From Revolutionary History, Vol. 8 No. 4, 2004, pp.288–9.
Transcribed by Alun Morgan for Revolutionary History Website.
Marked up by Einde O’ Callaghan for the Encyclopaedia of Trotskyism On-Line (ETOL).

Jean-Pierre Hirou
Du trotskysme au communisme libertaire
Editions Acratie, La Bussière 2003, pp. 279, Є25

JEAN-PIERRE Hirou, whose obituary appeared in Revolutionary History, Volume 8, no. 2 (2002), joined Voix ouvrière, the predecessor of Lutte ouvrière, in 1963 at the age of 15, and soon became a regular contributor to the organisation’s paper. He and his partner Michèle left LO in 1979, and he subsequently called himself a ‘libertarian communist’, though he never again joined an organisation. He was best known for his insightful book on the pre-1914 French left, Parti socialiste ou CGT? (1905–1914) (Editions Acratie, 1995), which savagely undermines some widespread myths about the pre-1914 French left. He died at the shockingly early age of 53. His comrades have edited this collection of articles and letters as a tribute to his memory and as a contribution to continuing debates on the left.

The first section, consisting of articles published in Lutte ouvrière, is the least interesting. The articles, mainly on international and historical topics, are of the sort to be found in the left press the world over – clear, well-researched commentaries on current events, but basically second-hand accounts with few new insights. Since Hirou was a member of a tendency that considers innovatory analyses of the world as petit-bourgeois self-indulgence, this is no surprise. Many of the articles end with the familiar refrain that a revolutionary party is absent – undoubtedly true, but equally undoubtedly inadequate. However, the article on socialist election strategy before 1914 shows a scholarship rare in this kind of left journalism, while a piece on child torture reveals a controlled anger that gives us a glimpse of what made Hirou a revolutionary in the first place.

The latter part shows Hirou in a much more free-thinking mode. However, anyone looking for revelations about the inner life of Lutte ouvrière will be disappointed. In recent years a flood of articles have appeared in France concerned to ‘expose’ LO’s effective leader, Hardy (Robert Barcia). Hirou had the elementary decency not to contribute to this process; while he knew that there are grave problems with LO, they were very different from the ones pointed to by ignorant and sensation-seeking journalists. In some ways he remained attached to LO; he supported Arlette Laguiller’s election campaigns, and noted that LO had, in general, made far smaller concessions to social democracy than either the Ligue Communiste Révolutionnaire or the Lambertistes. He was clearly deeply hurt at not being allowed to present his book to a forum at the LO fête. He took a deep interest in the various small splits from LO, hoping to engage them in political dialogue. But he was strongly critical of Hardy’s authoritarian style of leadership, and from his new, ‘libertarian’ standpoint, he regarded LO as being essentially centrist.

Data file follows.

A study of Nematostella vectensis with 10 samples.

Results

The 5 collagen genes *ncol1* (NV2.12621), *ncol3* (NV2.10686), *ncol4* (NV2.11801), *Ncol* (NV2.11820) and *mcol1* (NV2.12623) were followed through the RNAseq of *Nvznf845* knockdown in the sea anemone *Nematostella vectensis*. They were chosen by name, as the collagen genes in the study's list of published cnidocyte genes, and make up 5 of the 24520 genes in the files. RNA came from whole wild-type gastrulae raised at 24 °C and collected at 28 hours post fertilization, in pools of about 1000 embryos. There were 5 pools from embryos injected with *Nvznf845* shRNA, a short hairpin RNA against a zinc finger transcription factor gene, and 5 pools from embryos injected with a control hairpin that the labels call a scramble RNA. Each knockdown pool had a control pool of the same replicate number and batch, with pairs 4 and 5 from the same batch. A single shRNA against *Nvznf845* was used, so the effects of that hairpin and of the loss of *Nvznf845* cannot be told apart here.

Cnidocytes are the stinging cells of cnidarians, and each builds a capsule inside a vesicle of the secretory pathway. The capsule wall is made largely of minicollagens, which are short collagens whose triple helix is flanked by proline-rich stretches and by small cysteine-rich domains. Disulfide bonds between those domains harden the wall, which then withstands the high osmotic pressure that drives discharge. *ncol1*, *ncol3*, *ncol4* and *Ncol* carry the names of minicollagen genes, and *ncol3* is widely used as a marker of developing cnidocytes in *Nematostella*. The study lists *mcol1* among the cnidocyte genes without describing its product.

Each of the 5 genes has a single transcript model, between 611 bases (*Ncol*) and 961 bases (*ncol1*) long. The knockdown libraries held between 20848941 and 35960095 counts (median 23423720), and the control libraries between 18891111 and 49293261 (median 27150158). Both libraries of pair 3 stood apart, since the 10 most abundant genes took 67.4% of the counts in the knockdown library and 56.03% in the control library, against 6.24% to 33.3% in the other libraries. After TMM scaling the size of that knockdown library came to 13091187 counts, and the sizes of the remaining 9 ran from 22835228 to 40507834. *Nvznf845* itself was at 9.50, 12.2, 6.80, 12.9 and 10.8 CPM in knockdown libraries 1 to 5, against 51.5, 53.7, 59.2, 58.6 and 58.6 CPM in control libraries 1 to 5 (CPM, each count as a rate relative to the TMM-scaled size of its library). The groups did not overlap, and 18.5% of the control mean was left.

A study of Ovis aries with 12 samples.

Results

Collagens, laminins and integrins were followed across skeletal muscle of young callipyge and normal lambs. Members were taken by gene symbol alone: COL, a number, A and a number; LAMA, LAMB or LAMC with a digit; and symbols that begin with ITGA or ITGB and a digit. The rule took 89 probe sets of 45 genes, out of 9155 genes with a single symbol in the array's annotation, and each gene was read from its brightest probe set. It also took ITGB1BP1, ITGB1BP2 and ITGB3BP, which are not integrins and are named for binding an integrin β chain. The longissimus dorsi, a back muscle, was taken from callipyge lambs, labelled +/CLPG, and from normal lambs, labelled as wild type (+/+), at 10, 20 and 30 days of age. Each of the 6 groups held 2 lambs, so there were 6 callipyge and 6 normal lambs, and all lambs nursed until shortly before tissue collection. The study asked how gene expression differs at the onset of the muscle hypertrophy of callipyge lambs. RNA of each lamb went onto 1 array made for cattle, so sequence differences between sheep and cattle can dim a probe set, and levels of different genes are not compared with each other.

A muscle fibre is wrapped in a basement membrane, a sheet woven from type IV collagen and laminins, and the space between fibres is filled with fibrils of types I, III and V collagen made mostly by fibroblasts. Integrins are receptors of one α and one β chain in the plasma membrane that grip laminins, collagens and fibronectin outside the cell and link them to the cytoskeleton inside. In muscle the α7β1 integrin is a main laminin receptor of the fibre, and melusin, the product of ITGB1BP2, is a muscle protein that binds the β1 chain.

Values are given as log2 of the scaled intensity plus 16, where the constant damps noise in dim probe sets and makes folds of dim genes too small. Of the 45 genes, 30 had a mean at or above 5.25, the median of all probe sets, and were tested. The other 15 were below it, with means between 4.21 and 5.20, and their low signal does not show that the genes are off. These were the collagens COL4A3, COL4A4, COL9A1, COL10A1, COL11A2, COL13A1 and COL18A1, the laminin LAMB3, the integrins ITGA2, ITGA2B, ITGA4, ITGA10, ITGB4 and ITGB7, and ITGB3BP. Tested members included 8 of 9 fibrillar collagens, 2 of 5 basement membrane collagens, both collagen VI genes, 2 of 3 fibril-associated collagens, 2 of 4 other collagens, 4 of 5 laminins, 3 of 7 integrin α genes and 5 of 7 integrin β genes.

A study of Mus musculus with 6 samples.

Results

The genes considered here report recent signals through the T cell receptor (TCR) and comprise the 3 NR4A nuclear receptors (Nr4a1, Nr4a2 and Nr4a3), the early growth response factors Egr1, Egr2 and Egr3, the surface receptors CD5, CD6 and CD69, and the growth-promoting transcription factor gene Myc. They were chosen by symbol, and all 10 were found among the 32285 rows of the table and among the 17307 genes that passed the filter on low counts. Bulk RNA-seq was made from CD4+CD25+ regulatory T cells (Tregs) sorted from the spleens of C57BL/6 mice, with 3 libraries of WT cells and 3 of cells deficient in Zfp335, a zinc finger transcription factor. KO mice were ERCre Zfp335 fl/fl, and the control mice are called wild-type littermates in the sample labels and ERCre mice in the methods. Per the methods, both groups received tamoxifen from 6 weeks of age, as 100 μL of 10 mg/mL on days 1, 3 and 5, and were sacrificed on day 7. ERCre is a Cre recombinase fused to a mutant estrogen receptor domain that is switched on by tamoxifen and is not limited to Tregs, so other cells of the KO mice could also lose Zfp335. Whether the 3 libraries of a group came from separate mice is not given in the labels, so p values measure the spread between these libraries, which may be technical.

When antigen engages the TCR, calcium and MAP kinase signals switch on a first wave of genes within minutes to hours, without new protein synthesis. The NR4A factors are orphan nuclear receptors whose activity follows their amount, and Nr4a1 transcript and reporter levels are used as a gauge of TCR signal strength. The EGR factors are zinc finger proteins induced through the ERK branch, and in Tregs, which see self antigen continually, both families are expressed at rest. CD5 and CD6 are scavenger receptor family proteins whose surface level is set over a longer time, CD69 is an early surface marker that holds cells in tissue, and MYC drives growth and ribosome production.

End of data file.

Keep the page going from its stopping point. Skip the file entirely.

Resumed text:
Hirou was a student in the period leading up to May 1968, and he has some interesting recollections of the movement. His memory of Daniel Cohn-Bendit at Nanterre in 1966, failing to sell a single copy of his magazine, will give a spark of hope to all frustrated paper-sellers. And he recalls something of which I for one had hitherto been unaware, that in June 1968 LO proposed to other far left groups that they should run a joint slate of candidates in the general elections. The idea came to nothing as everybody else was denouncing bourgeois elections. At the time, I should undoubtedly have rejected LO’s proposal, but in retrospect I think that LO were right; a revolutionary election campaign could have given a focus to the far left as the movement disintegrated.

Some of Hirou’s judgements of more recent events are more dubious. Thus he repeatedly refers to what he calls ‘Islamic’ fascism. This is not the playground abuse of a Hitchens or an Aaronovitch; he invokes the work of Daniel Guérin, whom he admired greatly, in support of his stance. Yet nowhere does he effectively make his case for believing that, for example, Osama bin Laden can meaningfully be described as a ‘fascist’. There are undoubtedly some very nasty Islamic fundamentalists, but many of them are hiding in caves while the equally nasty Christian fundamentalists are sitting in the Pentagon with nuclear weapons.

On his specialist area of French labour history, Hirou is much more perceptive. It is particularly good to read his devastating critique of Jaurès, a name still much admired on the reformist left. As Hirou argues, it was only the assassin’s bullet that saved Jaurès from joining Guesde and Hervé in support for the First World War. Like Charles Kennedy, Jaurès was against war until the fighting actually started: ‘Jaurès always clearly anticipated that his tactical “pacifism” would turn into fierce strategic warmongering as soon as a foreign army had crossed the frontier.’ Hirou claims that both Trotsky and Luxemburg (impressed by Jaurès’ powerful intelligence and formidable oratory) had illusions in him, and only Lenin clearly evaluated him for what he was.

But whatever specific agreements or divergences one may have, Hirou’s book shows an active mind using the past to understand the present and prepare the future. Today, as in the early years of the Comintern, the border-line between Marxism and ‘ultra-leftism’ of various varieties is becoming the locus of crucial debates in the movement. All the more pity that Hirou is not with us to contribute to them.